Average Landscape Height:
40 feet
Average Landscape Width:
20 feet
Growth Rate:
Summer Foliage Color:
dark green
Fall Color:
indian red
Minimum Light:
full sun
Maximum Light:
full sun
Minimum Moisture:
Maximum Moisture:
Plant Form:
late winter pruning
Pollution Tolerance:
Other Species Names:

Ornamental Features

Sassafras features delicate racemes of lightly-scented lemon yellow flowers at the ends of the branches in early spring before the leaves. It has light green deciduous foliage. The lobed leaves turn an outstanding scarlet in the fall. The furrowed brick red bark adds an interesting dimension to the landscape.

Landscape Attributes

Sassafras is a deciduous tree with a distinctive and refined pyramidal form. Its average texture blends into the landscape, but can be balanced by one or two finer or coarser trees or shrubs for an effective composition.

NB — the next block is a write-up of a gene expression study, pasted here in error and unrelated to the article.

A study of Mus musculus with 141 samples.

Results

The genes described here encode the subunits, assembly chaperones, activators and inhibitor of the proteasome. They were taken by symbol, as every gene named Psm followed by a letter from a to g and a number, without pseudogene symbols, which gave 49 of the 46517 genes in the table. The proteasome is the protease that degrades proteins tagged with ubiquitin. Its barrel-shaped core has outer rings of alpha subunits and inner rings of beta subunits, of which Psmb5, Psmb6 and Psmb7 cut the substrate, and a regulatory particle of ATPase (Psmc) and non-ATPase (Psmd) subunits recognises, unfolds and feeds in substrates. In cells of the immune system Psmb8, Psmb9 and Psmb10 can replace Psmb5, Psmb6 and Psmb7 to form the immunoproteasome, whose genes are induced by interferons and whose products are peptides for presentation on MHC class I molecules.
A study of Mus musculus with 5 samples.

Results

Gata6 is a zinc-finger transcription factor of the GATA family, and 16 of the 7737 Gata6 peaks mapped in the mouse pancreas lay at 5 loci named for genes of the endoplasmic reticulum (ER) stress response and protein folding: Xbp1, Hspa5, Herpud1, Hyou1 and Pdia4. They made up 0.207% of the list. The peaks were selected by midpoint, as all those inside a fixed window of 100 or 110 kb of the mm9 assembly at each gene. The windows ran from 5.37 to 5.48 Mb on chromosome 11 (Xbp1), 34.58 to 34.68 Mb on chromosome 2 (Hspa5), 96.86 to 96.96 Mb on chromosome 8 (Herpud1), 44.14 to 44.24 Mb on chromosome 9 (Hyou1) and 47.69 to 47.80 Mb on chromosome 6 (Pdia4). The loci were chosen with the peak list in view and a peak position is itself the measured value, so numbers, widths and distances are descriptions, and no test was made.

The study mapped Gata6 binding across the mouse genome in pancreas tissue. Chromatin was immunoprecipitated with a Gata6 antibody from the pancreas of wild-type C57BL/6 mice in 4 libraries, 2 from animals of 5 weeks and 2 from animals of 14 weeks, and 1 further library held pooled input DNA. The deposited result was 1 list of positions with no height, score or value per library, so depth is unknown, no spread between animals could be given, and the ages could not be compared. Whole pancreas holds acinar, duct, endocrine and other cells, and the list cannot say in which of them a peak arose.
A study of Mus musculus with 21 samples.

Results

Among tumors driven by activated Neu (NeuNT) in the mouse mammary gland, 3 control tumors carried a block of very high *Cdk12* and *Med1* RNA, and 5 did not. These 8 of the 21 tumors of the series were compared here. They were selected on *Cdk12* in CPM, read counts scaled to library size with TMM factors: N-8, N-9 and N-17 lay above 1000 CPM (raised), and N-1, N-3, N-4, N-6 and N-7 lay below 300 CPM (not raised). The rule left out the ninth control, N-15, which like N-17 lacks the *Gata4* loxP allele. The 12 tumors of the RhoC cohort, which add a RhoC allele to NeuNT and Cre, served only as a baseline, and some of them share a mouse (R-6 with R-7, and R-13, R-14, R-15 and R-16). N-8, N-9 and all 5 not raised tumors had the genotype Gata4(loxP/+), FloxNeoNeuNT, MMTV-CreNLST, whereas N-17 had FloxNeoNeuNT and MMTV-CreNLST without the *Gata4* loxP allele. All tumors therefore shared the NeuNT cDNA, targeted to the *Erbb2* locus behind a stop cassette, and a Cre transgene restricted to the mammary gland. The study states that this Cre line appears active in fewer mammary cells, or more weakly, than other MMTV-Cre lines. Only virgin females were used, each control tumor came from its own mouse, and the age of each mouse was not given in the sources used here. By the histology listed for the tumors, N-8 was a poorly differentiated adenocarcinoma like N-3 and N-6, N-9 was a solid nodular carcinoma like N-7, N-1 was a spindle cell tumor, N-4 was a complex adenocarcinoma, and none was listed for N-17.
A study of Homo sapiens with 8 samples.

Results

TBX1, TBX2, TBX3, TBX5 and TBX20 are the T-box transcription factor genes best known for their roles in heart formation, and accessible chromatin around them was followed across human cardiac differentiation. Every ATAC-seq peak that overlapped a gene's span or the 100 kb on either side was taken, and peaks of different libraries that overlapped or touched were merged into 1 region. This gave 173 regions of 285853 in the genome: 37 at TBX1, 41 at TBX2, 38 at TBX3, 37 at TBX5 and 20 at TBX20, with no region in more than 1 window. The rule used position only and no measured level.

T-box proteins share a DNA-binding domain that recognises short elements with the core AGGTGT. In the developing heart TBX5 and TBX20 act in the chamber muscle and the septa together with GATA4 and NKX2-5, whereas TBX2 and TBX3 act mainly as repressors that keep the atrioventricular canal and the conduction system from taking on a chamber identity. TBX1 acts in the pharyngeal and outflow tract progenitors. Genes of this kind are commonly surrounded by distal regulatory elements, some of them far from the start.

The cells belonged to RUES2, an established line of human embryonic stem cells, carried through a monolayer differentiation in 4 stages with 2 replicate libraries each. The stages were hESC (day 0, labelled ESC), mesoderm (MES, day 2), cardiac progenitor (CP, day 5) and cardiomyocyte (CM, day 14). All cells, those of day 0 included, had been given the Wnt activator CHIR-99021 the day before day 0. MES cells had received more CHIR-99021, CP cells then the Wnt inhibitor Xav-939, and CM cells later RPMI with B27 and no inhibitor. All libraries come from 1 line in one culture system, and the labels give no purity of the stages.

Planting & Growing

Sassafras will grow to be about 35 feet tall at maturity, with a spread of 20 feet. It has a high canopy with a typical clearance of 6 feet from the ground, and should not be planted underneath power lines. As it matures, the lower branches of this tree can be strategically removed to create a high enough canopy to support unobstructed human traffic underneath. It grows at a medium rate, and under ideal conditions can be expected to live for 70 years or more.

This tree performs well in both full sun and full shade. It prefers to grow in average to moist conditions, and shouldn't be allowed to dry out. It is not particular as to soil type, but has a definite preference for acidic soils, and is subject to chlorosis (yellowing) of the foliage in alkaline soils. It is quite intolerant of urban pollution, therefore inner city or urban streetside plantings are best avoided. This species is native to parts of North America.